As the so-called trilateral North American “integration” process marches onward toward an ever-closer union between the governments of Canada, the United States, and Mexico, national law-enforcement agents are slowly creeping across borders through a variety of shadowy schemes. Going forward, that trend is set to accelerate, according to officials, who say government functionaries may soon be able to chase and arrest suspects outside of their own nations. But critics of the controversial plan are fighting back with increasing urgency.

While the European Union — many of whose member states are facing dire economic crises — struggles to convince the world of its significance and necessity, it has taken on another agenda: Internet control. Reports indicate that the EU will soon be creating a mandatory electronic ID system for all citizens of the European Union.

The EU's Digital Agenda Commissioner, Neelie Kroes, asserts that the legislation will promote “the adoption of harmonized e-signatures, e-identities and electronic authentication services (eIAS) across EU member states.”

With several leading candidates closely tied to the Mubarak regime, Egyptians are casting their ballots in the first presidential election since the “Arab Spring.” And with balloting taking place and the election results likely to be released next week, the two frontrunners are men with a background which may fall short of the expectations of many Islamist extremists.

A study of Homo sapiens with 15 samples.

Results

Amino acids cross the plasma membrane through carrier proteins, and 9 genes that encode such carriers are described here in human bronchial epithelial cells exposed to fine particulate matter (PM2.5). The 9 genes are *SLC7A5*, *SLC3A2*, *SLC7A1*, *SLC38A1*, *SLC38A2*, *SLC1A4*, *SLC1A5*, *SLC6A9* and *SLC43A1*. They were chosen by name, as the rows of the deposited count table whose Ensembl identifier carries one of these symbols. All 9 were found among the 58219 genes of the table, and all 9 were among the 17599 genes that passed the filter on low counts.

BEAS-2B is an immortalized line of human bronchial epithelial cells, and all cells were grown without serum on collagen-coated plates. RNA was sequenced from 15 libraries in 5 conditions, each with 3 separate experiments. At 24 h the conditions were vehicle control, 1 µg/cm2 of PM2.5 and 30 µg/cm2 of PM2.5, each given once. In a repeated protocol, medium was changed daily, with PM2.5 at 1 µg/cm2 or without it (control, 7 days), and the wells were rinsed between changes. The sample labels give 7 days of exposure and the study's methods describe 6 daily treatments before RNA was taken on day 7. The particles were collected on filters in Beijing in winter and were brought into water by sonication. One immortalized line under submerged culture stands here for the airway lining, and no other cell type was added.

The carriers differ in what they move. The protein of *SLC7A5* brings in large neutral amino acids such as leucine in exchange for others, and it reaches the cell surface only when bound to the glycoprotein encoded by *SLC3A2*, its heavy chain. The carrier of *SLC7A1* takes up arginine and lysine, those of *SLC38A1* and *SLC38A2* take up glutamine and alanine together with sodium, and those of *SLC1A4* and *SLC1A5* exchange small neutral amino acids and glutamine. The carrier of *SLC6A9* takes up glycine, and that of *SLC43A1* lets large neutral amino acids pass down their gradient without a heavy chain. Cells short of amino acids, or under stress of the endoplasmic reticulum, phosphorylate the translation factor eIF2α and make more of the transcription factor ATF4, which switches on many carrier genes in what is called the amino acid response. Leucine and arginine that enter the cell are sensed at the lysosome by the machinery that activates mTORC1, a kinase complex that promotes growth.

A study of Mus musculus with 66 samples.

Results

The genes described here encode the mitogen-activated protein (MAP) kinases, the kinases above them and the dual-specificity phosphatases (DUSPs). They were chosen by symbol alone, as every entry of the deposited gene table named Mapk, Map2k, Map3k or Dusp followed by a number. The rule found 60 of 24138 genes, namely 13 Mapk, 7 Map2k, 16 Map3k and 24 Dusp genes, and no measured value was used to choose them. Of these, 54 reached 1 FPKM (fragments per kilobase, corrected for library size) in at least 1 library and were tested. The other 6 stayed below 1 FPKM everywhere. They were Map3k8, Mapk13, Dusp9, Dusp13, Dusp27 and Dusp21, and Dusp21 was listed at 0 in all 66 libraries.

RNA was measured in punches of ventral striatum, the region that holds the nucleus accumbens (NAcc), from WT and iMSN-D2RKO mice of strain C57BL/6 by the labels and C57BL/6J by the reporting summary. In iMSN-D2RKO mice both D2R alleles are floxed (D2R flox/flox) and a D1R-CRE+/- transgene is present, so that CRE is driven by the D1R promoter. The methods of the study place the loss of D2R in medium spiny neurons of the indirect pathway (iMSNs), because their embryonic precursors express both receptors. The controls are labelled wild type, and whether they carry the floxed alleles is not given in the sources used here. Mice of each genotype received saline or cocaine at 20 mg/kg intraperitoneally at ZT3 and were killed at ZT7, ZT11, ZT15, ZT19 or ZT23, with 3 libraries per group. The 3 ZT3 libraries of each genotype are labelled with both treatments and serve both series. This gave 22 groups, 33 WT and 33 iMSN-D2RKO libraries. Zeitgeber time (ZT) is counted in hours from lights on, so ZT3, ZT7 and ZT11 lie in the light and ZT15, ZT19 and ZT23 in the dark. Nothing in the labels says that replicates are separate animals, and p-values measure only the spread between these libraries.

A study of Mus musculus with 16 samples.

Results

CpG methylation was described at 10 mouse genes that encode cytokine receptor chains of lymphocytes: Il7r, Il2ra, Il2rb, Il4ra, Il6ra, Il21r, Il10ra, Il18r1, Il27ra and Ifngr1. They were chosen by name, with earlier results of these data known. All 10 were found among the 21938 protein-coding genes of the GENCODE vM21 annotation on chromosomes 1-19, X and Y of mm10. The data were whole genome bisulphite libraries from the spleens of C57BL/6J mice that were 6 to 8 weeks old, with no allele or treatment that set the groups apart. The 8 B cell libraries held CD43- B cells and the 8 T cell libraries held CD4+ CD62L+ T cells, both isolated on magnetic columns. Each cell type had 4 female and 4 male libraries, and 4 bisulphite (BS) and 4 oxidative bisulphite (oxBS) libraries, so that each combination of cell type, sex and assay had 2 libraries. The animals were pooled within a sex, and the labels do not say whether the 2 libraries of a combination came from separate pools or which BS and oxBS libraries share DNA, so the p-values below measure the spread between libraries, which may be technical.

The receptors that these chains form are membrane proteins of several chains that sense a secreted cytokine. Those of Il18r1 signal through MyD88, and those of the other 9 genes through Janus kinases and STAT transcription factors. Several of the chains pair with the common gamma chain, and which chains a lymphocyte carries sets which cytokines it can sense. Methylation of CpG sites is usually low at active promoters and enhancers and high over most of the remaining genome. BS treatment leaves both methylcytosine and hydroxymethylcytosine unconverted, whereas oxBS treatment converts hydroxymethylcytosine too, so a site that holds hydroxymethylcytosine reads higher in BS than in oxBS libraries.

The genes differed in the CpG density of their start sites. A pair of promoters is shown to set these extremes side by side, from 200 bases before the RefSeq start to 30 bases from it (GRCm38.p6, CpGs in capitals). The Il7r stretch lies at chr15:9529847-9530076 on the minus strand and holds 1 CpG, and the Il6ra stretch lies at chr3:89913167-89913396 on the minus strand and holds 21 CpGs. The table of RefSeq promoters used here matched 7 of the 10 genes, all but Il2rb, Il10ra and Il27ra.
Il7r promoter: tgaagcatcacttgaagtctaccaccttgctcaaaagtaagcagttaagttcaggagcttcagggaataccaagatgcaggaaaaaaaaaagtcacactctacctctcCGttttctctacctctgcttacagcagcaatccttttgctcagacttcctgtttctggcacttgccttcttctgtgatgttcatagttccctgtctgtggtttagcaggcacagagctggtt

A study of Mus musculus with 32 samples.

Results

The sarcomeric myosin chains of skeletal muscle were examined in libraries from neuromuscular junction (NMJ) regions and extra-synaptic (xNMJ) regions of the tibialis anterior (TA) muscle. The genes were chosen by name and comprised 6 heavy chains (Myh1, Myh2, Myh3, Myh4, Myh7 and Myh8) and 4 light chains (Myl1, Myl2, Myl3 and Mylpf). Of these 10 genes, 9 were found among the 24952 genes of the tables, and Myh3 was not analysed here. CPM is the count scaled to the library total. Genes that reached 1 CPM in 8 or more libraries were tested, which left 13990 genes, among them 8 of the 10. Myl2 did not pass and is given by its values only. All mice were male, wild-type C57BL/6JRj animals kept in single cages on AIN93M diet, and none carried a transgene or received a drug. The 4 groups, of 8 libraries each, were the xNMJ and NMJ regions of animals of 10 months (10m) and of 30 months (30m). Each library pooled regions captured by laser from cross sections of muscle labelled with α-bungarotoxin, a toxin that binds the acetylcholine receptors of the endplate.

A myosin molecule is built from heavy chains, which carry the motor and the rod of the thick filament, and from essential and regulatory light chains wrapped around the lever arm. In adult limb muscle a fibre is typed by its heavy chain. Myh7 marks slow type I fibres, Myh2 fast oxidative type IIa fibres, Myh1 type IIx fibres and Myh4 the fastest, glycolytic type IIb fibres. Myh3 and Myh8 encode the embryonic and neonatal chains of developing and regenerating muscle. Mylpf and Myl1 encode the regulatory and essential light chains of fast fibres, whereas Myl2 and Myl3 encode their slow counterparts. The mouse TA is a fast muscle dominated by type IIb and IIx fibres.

Chen Guangcheng, the Chinese pro-life dissident who suffered years of abuse and imprisonment at the hands of Beijing’s communist government for exposing its cruel one-child abortion policy, has been given his freedom. Chen, his wife, and their two children landed at Newark Airport in Jersey May 12, and were immediately whisked to New York City, where Chen spoke to a crowd at New York University (NYU), briefly recounting his ordeal and renewing his commitment to battle the tyranny and injustice he and millions of others have suffered under China’s repressive government.

The newest edition to the list of wobbling fiscal systems is Italy, the fourth largest economy in Europe and the seventh largest economy in the world. The Italian economy is the same size of Greece, Spain, Portugal and Ireland all combined. Italy may be "too big to fail," but the nation is still facing ever increasing — and apparently insurmountable — problems.